Twelve Chicago-area residents have been indicted for allegedly creating more than $1 million in counterfeit checks with stolen bank account information.
The group created hundreds of counterfeit checks that they cashed at banks throughout the Chicago area between August 2010 and December 2012, according to an indictment unsealed Thursday. The group successfully cashed more than $700,000 of the fake checks, and the leaders shared the proceeds.
Latrese Leshore, 30, of Chicago, used her job processing health insurance applications and payments to make copies of authentic checks and bank account information that she sold to Kenneth “Black” Pearson, David Kotlicky and Eric Jackson, according to the indictment.
The three used the stolen checks and account information to make counterfeit checks, the indictment stated. Pearson and Kotlicky then made changes to the customers’ bank accounts so they could monitor account activity and intercept bank employees’ questions about suspicious activity to prevent detection.
Pearson, Kotlicky, Jackson, Stacey Sanders, 38, and Deangria Wells, 27, both of Chicago, recruited people to cash counterfeit checks — usually worth $2,500 — at area banks, according to the indictment. The group then allegedly paid the “runners” a fee and distributed the remaining proceeds among themselves.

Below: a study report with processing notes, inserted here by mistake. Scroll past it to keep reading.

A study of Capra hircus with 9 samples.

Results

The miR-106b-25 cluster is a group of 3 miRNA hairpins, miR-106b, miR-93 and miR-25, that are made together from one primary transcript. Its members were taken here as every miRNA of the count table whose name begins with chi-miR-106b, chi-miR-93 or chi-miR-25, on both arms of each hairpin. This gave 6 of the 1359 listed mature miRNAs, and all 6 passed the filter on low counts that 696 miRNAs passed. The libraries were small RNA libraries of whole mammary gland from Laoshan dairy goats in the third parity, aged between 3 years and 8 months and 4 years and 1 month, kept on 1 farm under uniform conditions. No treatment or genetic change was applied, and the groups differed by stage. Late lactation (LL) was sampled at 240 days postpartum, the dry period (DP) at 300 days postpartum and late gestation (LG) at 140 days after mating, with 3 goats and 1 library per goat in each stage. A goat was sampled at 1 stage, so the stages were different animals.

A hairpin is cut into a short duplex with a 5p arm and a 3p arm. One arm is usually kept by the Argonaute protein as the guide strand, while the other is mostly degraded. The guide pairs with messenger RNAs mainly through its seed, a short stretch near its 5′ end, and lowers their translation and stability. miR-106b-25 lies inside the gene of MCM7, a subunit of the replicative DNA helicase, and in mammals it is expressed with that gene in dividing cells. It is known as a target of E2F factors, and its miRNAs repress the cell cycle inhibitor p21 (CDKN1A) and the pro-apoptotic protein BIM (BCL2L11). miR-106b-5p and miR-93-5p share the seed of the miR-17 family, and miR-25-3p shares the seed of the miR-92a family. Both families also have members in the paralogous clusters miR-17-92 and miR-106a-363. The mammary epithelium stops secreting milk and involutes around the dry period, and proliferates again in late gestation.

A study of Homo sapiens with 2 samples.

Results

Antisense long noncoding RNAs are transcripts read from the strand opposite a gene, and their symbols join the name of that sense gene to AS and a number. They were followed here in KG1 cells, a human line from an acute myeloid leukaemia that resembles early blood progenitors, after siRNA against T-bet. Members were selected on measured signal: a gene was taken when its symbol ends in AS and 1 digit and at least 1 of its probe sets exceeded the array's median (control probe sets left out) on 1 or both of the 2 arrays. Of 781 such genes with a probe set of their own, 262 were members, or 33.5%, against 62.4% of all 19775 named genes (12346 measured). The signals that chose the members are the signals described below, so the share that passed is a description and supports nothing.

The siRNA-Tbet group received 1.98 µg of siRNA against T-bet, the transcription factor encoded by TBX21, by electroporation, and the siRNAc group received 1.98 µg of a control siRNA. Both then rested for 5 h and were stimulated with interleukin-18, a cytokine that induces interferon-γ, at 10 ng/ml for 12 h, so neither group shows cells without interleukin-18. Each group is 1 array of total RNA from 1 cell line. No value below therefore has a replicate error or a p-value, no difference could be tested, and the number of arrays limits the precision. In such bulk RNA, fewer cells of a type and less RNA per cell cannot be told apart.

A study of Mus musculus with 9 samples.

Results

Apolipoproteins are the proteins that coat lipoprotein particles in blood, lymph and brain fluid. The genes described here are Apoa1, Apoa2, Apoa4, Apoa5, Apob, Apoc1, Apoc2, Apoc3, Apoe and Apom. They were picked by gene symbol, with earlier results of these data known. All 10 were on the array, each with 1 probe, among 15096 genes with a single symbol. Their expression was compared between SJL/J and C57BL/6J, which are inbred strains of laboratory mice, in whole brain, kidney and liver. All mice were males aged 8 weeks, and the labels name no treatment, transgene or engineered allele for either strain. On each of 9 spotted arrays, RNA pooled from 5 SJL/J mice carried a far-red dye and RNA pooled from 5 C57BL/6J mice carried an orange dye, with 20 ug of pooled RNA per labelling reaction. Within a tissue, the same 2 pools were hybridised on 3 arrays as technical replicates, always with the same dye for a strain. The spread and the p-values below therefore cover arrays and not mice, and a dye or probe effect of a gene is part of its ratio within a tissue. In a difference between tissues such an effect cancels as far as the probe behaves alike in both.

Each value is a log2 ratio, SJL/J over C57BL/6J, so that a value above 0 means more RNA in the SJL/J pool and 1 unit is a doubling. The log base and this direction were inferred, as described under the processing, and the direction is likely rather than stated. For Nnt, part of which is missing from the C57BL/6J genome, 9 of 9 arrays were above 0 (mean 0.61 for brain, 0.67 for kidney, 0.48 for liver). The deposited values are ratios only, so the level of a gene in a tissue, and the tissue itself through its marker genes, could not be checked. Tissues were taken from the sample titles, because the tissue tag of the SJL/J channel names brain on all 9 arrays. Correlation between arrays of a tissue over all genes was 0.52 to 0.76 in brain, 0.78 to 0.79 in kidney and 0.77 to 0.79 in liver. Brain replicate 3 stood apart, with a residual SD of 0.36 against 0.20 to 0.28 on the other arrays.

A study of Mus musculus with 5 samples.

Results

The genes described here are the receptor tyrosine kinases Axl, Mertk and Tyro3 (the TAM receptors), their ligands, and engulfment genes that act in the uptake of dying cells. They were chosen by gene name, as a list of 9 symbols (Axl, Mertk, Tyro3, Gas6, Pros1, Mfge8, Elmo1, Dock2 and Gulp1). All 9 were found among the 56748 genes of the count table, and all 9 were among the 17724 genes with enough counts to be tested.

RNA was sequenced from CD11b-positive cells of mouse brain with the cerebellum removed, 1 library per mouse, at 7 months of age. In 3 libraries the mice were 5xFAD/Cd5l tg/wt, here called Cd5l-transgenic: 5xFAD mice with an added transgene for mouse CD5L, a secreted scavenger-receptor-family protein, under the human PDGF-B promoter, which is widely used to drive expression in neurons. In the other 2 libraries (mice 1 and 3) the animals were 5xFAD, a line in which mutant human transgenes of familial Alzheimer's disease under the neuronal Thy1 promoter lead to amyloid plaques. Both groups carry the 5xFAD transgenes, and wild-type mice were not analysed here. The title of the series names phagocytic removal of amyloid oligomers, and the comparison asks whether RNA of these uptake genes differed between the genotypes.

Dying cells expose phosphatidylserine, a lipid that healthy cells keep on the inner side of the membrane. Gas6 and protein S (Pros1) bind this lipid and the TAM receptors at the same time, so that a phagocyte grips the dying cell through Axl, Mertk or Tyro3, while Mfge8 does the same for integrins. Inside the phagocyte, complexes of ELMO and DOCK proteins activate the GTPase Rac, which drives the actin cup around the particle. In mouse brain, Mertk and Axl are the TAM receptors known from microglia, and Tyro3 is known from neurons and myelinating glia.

Pearson, 39, of Chicago, was charged with 32 counts of bank fraud and one count of aggravated identity theft, according to the U.S. Attorney’s Office. He remains in federal custody pending a detention hearing before U.S. District Judge Virginia Kendall at 10:30 a.m. Tuesday.
Kotlicky, 23, of Downers Grove, was arrested Nov. 27 and ordered held without bond, the U.S. Attorney’s Office said. Jackson, 24, of Chicago, has not yet been captured and a warrant remains out for his arrest.
Also indicted are Roger Elam, 48, his sister Rosie Elam, 59, Lynada Mahone, 34, her cousin Antione Mahone, 24, Tovise Stone, 34 and Starlinda Stubbs, 21, according to the U.S. Attorney’s Office. All six are from Chicago.
All 12 defendants were charged with at least one count of bank fraud. Pearson, Kotlicky, Jackson, Sanders and Leshore were also charged with one count of aggravated identity theft.
Kotlicky was also charged with one count of passing $80 in counterfeit currency.
Each count of bank fraud carries a maximum penalty of 30 years in prison and a $1 million fine, the U.S. Attorney’s Office said. Aggravated identity theft has a mandatory consecutive sentence of two years in prison and a maximum $250,000 fine, and passing counterfeit currency has a maximum penalty of 20 years in prison and a $250,000 fine.
The indictment also seeks the forfeiture of about $1 million form Pearson and Kotlicky.